Nigeria, definitely!

My only troubles that night were a lack of small change and no cocktail stick to eat my fresh pineapple with.

Its not far to Krake, the border. On the Nigerian side the bribe requests start early. As its my first time in Nigeria I have to pay something I’m told. A figure of $100 is whispered. After a couple of minutes of this I’m told to wait. Shortly after that I’m told “there is no problem” and I’m taken to get my entry stamp.

Two Port Health officers argue with the taxi tout to get me to Badagri for 300 Naira (1 pound). Along the road are lots of un-uniformed men with homemade tyre slashers who get handed small notes.

Badagri is separated from the Atlantic by a lagoon lined with colonial era buildings, many of which have slave-trade connections. There remain 2 original slave cells, just brick rooms really, a tiny window in high in one wall, no toilet. 40 slaves would have lived here for 3 months in a room smaller then most modern childrens’ bedrooms. And that’s before the slaves were deemed healthy or not, sold, and shipped to the Caribbean or Brazil to work.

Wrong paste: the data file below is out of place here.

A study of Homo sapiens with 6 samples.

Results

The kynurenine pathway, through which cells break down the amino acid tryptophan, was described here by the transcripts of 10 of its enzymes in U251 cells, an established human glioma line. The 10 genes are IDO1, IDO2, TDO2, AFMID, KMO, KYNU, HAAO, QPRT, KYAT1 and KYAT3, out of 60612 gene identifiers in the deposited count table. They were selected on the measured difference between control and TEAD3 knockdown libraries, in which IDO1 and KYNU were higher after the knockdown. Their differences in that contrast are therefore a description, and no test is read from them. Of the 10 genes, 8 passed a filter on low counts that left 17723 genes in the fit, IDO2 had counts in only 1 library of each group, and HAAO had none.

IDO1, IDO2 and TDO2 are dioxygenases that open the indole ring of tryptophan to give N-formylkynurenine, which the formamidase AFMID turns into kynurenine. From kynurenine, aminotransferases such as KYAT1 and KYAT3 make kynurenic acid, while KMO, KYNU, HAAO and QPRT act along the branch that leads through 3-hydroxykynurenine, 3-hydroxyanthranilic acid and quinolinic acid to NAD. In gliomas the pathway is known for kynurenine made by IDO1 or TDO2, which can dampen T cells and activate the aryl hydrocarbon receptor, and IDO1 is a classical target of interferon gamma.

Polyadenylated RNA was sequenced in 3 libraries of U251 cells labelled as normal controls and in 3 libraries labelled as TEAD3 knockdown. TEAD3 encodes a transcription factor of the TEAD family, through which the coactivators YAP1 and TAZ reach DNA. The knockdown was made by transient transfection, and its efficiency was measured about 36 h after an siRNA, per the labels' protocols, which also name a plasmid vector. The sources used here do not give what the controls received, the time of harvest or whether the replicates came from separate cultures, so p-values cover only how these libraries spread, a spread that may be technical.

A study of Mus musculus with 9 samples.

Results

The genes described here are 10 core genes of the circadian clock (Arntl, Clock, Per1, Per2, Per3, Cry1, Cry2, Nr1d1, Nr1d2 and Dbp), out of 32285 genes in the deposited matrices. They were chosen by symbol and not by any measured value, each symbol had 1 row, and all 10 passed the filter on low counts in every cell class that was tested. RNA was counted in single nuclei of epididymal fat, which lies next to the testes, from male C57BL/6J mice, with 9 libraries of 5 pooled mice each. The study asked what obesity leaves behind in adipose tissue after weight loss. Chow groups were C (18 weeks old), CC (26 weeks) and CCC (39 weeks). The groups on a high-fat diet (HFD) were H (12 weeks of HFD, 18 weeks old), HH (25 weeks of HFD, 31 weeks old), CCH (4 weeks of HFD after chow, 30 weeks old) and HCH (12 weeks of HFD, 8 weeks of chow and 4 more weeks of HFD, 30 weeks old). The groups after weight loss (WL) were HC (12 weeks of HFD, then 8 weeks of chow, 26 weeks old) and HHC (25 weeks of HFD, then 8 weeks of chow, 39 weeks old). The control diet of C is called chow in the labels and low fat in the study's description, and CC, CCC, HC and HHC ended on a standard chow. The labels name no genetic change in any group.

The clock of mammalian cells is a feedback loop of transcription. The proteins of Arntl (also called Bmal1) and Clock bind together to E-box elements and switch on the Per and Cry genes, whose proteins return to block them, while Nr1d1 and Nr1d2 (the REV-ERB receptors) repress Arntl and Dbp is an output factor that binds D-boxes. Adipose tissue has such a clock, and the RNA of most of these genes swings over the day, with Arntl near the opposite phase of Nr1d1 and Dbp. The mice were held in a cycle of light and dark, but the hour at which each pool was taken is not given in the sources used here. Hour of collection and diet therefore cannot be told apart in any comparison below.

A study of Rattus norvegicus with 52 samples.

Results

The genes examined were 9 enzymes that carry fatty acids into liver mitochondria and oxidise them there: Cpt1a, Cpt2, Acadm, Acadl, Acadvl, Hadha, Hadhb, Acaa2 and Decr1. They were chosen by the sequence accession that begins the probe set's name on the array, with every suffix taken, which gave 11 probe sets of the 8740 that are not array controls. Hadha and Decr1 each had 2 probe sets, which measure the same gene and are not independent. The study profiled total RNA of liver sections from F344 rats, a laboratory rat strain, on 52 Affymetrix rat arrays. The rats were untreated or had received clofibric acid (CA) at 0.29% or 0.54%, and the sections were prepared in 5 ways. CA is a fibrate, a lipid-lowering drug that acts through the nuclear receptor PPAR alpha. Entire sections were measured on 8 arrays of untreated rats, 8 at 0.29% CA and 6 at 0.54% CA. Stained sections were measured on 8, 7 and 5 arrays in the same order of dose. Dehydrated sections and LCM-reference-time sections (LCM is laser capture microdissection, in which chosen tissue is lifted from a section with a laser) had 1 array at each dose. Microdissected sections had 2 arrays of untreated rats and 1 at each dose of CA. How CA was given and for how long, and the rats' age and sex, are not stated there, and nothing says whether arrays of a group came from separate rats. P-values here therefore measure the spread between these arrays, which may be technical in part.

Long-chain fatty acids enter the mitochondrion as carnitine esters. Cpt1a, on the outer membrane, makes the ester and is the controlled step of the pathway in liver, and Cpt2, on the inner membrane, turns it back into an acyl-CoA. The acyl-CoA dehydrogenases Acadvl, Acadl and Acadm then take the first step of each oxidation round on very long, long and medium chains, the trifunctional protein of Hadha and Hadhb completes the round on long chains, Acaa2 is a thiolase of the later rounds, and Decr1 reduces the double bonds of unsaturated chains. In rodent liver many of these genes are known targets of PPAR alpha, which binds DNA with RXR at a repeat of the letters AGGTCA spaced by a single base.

If you imagine the M25 at its worst you get an incling to the traffic into and out of Lagos on a Saturday morning. Often 6 lanes of traffic fight for the 3 real lanes. A yellow-coloured minibus (like a large ugly New York cab) took me to Lagos Island from Mile 2 motor park at the eastern end of a city struggling to hold in 14 million people.

Behind the 1970s oil boom sky scrappers belonging to Shell and African Petroleum hide the occasional colonial building. Even so, there isn’t much in Lagos for the intrepid tourist, and its soon time to move on to Benin City.

I’m nervous before the minibus even leaves the depot given the long prayer for safety said by the passenger next to me. It takes longer than I imagined to reach Benin City, so I rush to the museum, that holds a collection of Benin bronzes the British forgot to steal in 1897. Masks, swords, heads, all from the time of Henry VIII and onwards, and all staggeringly beautiful. Nigeria really is full of surprises, and I love it.